The National Automated Clearing House Association has received 14 responses from vendors to its request to propose financial electronic data interchange software.
The Herndon, Va.-based association issued its request in April.
Nacha declined to disclose the names of the responding vendors.
"At this point, we're not providing names yet," said Scott Lang, director of wholesale applications with' the clearing house group. "Review committees have been selected, and we are shipping copies of each response to them."
Mr. Lang said one vendor will be chosen in September.
The request for proposals reflect an attempt by the association to jump start the banking industry's capabilities in offering corporate customers financial EDI remittance information through the automated clearing house networks, said Mr. Lang.
It is the clearing house association's belief that financial EDI software is too costly for banks to buy, especially banks with few corporate customers with needs of such services.
The clearing house group cannot require all banks to be capable of offering financial EDI until there is cost-effective software on the market, said William B. Nelson, executive vice president.
The National Automated Clearing House Association is the banking trade association responsible for maintaining the rules for the ACH payments network, which over 14,000 financial institutions and 300,000 companies and businesses use.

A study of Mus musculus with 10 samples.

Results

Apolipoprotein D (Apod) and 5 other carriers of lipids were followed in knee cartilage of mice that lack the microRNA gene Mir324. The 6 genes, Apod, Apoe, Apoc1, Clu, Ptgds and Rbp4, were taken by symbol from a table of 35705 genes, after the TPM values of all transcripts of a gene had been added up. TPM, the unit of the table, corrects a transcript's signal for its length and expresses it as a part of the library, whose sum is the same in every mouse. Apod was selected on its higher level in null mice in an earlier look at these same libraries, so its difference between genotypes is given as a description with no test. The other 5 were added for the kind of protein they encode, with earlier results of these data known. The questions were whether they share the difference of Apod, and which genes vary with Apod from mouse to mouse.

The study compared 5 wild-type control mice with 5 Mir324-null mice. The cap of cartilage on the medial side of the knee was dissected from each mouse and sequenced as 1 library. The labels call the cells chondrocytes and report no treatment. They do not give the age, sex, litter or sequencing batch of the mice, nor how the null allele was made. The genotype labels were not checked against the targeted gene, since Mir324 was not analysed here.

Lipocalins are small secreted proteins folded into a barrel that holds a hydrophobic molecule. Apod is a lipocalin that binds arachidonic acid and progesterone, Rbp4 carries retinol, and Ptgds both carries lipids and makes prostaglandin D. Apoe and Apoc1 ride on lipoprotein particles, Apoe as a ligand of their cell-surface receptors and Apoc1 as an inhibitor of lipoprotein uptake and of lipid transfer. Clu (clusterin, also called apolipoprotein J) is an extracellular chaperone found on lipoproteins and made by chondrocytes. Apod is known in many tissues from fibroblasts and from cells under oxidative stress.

Financial EDI is the electronic movement of payments and related information throughout the banking system in standard formats through ACH networks.
"As more RDFIs (receiving depository financial institutions) become financial EDI capable, consideration could be given to a Nacha rule to mandate the reporting of remittance data to corporate customers," said Mr. Nelson.
Hc believes there is a rising demand among businesses that their banks provide financial EDI remittance data information along with their electronic payments.
But banks may be waiting for enough transaction volume before EDI capability becomes cost-effective. Currently "only 730 banks are EDI receive capable," said Mr. Lang.
Maggie Scarborough, who is senior director of the association's Network Products Group, said that financial EDI is not yet cost-effective, because of the reluctance of large originators such as the federal government "to increase origination volumes without assurances that RFDIs will pass on the remittance information."
The financial EDI software that Nacha is looking for will allow banks to produce humanreadable statements, machinereadable disc outputs that can be sent to customers, and communication links to back office systems.
There are four ACH formats for financial EDI, including Cash Concentration or Disbursement (CCD), which is a dollar amount only and is not sent with payment related information.
An additional format is Cash Concentration or Disbursement Plus Addenda, or CCD Plus, which has an "addenda record" along with the payment.
Then there is the Corporate Trade Exchange format, known as CTX, which transmits one payment and as many as 9,999 addendum records. This format allows a company to send one payment that electronically covers multiple invoices.
Another format, Corporate Trade Payment, is planned to be phased out in April 1996, and replaced by the CTX format.